Update on EEO-1 Part 2 Pay and Work Hours Data Collection

On April 25, the Federal District Court in Washington DC ruled that the EEOC shall collect employer compensation and work hours data for all U.S. employers with 100 or more employees.  The Court has ordered that two years of compensation and work hours data be submitted.  It is certain that employers must submit 2018 data.  The Court ordered EEOC to soon decide whether employers will submit either 2017 or 2019 data.  Although all details have not been fully determined, the Court’s ruling included the following specifics:

  1. April 29, 2019 – EEOC will announce on its website that employers are to undertake preparations for filing their 2018 compensation and work hours data by September 30, 2019.
  2. May 3, 2019 – EEOC will communicate to the Court and to the Plaintiffs a second year of data that will be collected.  Specifically, the Court has ruled that EOOC can either collect 2017 compensation and work hours data or 2019 compensation and work hours data.
  3. September 30, 2019 – This is the date that employers’ 2018 compensation data must be submitted.  Additionally, in the event that the EEOC requires 2017 data to be filed, it also must be filed by this same date.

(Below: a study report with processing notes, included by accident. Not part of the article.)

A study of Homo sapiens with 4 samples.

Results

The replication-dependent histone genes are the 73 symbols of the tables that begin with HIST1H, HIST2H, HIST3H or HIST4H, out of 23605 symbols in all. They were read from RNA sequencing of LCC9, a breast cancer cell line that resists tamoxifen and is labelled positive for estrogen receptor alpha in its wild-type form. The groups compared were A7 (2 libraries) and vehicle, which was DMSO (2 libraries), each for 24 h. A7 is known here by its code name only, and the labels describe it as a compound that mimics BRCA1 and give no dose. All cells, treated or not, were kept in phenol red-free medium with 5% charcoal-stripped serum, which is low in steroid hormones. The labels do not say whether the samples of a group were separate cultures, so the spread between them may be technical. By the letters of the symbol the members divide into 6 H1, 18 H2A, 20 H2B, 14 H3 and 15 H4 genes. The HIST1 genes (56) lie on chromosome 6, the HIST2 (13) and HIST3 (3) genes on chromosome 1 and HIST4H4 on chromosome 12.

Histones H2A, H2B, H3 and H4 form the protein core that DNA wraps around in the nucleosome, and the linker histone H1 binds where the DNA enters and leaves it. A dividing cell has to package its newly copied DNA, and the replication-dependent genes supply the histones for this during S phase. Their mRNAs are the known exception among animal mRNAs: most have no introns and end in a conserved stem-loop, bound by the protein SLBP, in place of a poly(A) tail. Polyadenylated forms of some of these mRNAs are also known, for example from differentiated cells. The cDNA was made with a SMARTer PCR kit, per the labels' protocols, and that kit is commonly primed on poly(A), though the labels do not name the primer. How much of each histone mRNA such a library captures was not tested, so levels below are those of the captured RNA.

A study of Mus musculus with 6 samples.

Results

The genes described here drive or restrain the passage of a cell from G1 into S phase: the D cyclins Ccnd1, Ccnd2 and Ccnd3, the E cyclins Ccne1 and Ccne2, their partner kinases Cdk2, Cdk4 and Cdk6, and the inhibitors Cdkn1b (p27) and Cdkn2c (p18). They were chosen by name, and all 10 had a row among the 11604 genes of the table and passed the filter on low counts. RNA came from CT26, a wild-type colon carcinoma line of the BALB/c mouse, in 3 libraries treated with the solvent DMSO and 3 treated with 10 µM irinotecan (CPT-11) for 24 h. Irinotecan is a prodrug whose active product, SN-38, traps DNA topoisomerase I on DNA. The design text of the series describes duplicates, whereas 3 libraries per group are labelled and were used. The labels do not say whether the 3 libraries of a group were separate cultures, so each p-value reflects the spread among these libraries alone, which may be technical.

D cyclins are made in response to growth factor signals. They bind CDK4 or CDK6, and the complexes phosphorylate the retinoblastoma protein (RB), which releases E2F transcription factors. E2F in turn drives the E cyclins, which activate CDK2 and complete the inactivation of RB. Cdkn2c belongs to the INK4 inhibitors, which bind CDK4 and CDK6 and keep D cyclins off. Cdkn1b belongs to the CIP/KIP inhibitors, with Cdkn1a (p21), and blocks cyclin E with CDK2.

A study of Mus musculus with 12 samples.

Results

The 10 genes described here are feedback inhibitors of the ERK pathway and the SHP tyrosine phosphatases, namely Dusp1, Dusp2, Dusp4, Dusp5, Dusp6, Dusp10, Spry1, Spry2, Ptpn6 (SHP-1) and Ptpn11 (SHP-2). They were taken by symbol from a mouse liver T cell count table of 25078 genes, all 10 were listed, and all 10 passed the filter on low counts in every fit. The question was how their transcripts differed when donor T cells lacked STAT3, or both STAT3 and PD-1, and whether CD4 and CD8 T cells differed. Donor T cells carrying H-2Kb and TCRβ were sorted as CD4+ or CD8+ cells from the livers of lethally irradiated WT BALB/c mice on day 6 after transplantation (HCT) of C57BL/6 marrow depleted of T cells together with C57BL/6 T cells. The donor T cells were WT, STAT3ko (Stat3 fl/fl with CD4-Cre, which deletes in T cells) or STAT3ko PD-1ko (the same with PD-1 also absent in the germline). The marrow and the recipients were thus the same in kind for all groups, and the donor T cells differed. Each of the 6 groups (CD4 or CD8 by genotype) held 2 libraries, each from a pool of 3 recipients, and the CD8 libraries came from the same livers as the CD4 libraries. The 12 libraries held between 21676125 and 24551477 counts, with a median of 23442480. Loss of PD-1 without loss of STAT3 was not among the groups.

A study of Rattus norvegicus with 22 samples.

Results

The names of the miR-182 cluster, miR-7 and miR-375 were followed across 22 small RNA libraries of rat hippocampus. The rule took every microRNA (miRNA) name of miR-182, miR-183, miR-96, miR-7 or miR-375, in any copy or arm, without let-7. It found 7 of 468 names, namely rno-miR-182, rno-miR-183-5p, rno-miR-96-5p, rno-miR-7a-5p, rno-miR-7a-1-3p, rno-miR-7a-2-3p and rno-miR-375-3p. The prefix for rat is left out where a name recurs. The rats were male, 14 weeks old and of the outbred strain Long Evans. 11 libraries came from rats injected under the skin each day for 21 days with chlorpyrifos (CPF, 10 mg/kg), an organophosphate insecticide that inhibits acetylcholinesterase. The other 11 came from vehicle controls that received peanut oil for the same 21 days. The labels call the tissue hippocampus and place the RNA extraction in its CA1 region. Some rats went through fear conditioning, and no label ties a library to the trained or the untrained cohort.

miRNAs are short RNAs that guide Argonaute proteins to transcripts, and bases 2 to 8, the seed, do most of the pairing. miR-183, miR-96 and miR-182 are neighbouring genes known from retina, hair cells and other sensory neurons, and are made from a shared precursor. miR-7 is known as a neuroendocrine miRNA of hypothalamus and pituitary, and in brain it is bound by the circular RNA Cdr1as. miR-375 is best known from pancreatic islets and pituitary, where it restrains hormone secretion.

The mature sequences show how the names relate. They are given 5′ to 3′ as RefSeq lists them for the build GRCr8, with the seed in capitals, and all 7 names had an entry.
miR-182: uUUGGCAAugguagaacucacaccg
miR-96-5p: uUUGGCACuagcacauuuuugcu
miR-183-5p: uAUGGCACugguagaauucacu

4. March 31, 2020 – If the EEOC elects to require 2019 compensation data to be filed, instead of 2017 data, the compensation and work hours data must be filed by this date.
  5. April 5, 2021 – The Court has extended the authorization to collect compensation and work hours data to April 5, 2021.  The Court has relied on “tolling” principles for the time that the original EEO-1 data collection form was stayed by OMB.
  6. Rolling 20-day reports – the EEOC is to provide the Court with status updates every 20 days and the court is retaining jurisdiction to oversee and supervise implementation.  Additionally, the Court specifically stated that if there was a shortfall in the expected participation rate by employers in providing compensation data, that the EEOC was to extend the filing period until the historical reporting percentages are achieved.

For the District Court’s decision, click here.

A special webinar hosted by FortneyScott and DCI has been scheduled on Tuesday, April 30th  from 12-1 pm ET to provide employers in understanding what this means for them.  Please reach out to your FortneyScott attorney with whom you work to assist with compliance with these requirements.

To register for this timely webinar, click here.